It would be a failure to depict a mother and child on our cover and to report what the research points to about the lifelong importance of those earliest years, yet not address the ongoing events in this country regarding immigration policy and the separation of children from their parents.
We applaud John Foraker, CEO of family-owned Once Upon a Farm, who issued a challenge on LinkedIn: “Where Are the CEOs?”
“My view of this policy is that it is disgusting, immoral, cruel, and represents a tremendous stain on the fabric of our country,” Foraker wrote. “CEOs are leaders in their companies, communities, and in society. They get things done, and usually with great passion and commitment. They never hesitate to speak up on issues impacting their businesses, their employees, or their industries. So where are their voices on this issue?
“If monetary reward stifles your willingness to engage and be a vocal leader on big important and thorny social issues that impact the fabric of our society,” he continued, “I’d encourage you to re-think your priorities … On social issues where two thirds or more of the population agrees with you, what do you have to lose? I don’t get it.”
Once Upon a Farm, Dr. Bronner’s and Nature’s Path announced their support and donations to RAICES (Refugee and Immigration Center for Education and Legal Services). This non-profit group, which is also collecting money through Facebook, provides legal services to immigrants and refugees.
Dr. Bronner’s, which was founded by Emanuel Bronner after losing his parents in the Holocaust, reminded people in a blog post from David and Michael Bronner: “We are ALL-One or None!”
“Our American workforce here in North County San Diego is predominantly of Mexican ancestry – many are proud immigrants, we are especially troubled by the treatment of immigrants at the U.S. border … Separating children from their parents and criminalizing refugees and asylum seekers is immoral and does not reflect our values nor the principles our business is based on. Dr. Bronner’s believes no human being is illegal.”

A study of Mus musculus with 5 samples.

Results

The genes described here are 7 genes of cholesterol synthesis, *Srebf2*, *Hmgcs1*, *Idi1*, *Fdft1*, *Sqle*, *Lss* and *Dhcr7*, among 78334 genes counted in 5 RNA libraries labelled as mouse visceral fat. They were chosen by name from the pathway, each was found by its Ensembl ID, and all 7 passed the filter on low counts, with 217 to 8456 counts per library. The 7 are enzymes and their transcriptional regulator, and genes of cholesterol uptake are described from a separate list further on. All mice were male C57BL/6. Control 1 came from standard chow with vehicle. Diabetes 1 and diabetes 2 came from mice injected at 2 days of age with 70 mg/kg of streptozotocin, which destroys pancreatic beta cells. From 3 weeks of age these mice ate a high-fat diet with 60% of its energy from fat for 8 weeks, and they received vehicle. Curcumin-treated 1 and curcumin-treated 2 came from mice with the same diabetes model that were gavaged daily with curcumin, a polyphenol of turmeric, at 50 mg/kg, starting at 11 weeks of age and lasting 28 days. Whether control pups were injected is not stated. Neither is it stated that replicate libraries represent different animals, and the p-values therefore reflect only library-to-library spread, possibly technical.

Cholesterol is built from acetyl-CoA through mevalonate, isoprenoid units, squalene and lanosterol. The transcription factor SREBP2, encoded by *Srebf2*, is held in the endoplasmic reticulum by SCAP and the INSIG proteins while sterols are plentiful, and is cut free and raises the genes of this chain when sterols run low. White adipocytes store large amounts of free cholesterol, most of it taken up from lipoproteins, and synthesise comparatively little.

Ratana Stephens, the co-founder of Nature’s Path, fled India with her family as a child and posted a letter about the trauma of that experience on Twitter.
Meanwhile, back in Washington, D.C., benefits for the poorest among us through the Supplemental Nutrition Assistance Program (SNAP) are in political flux as their connection to work requirements pits Senate against House. Also at risk is the cherished addition of the multivitamin supplement, which ironically was fought by anti-hunger groups who don’t understand the nutritional benefits it provides.
Our publisher Heather Wainer, who recently returned from a week of service with Vitamin Angels in Honduras, once again witnessed the transformative effect on the health of mothers and their babies through the tireless efforts of that organization and its partner Feed the Children. She got to speak with some of the moms about the benefits of pre-natal vitamins , deworming and vitamin A.
“Children are amazing — so innocent, loving and full of life. To enjoy them and see how we can help the less fortunate have better healthier lives is so rewarding,” she said. Heather will share more about her visit on Wholefoodsmagazine.com
The millennial generation, which represents the future of the industry, is putting its money behind companies with a vocal and demonstrated purpose.
What are you doing to bring family and love back into focus? Do you think it is too late? How can we help? Please share your ideas with firstname.lastname@example.org and we will continue the dialogue.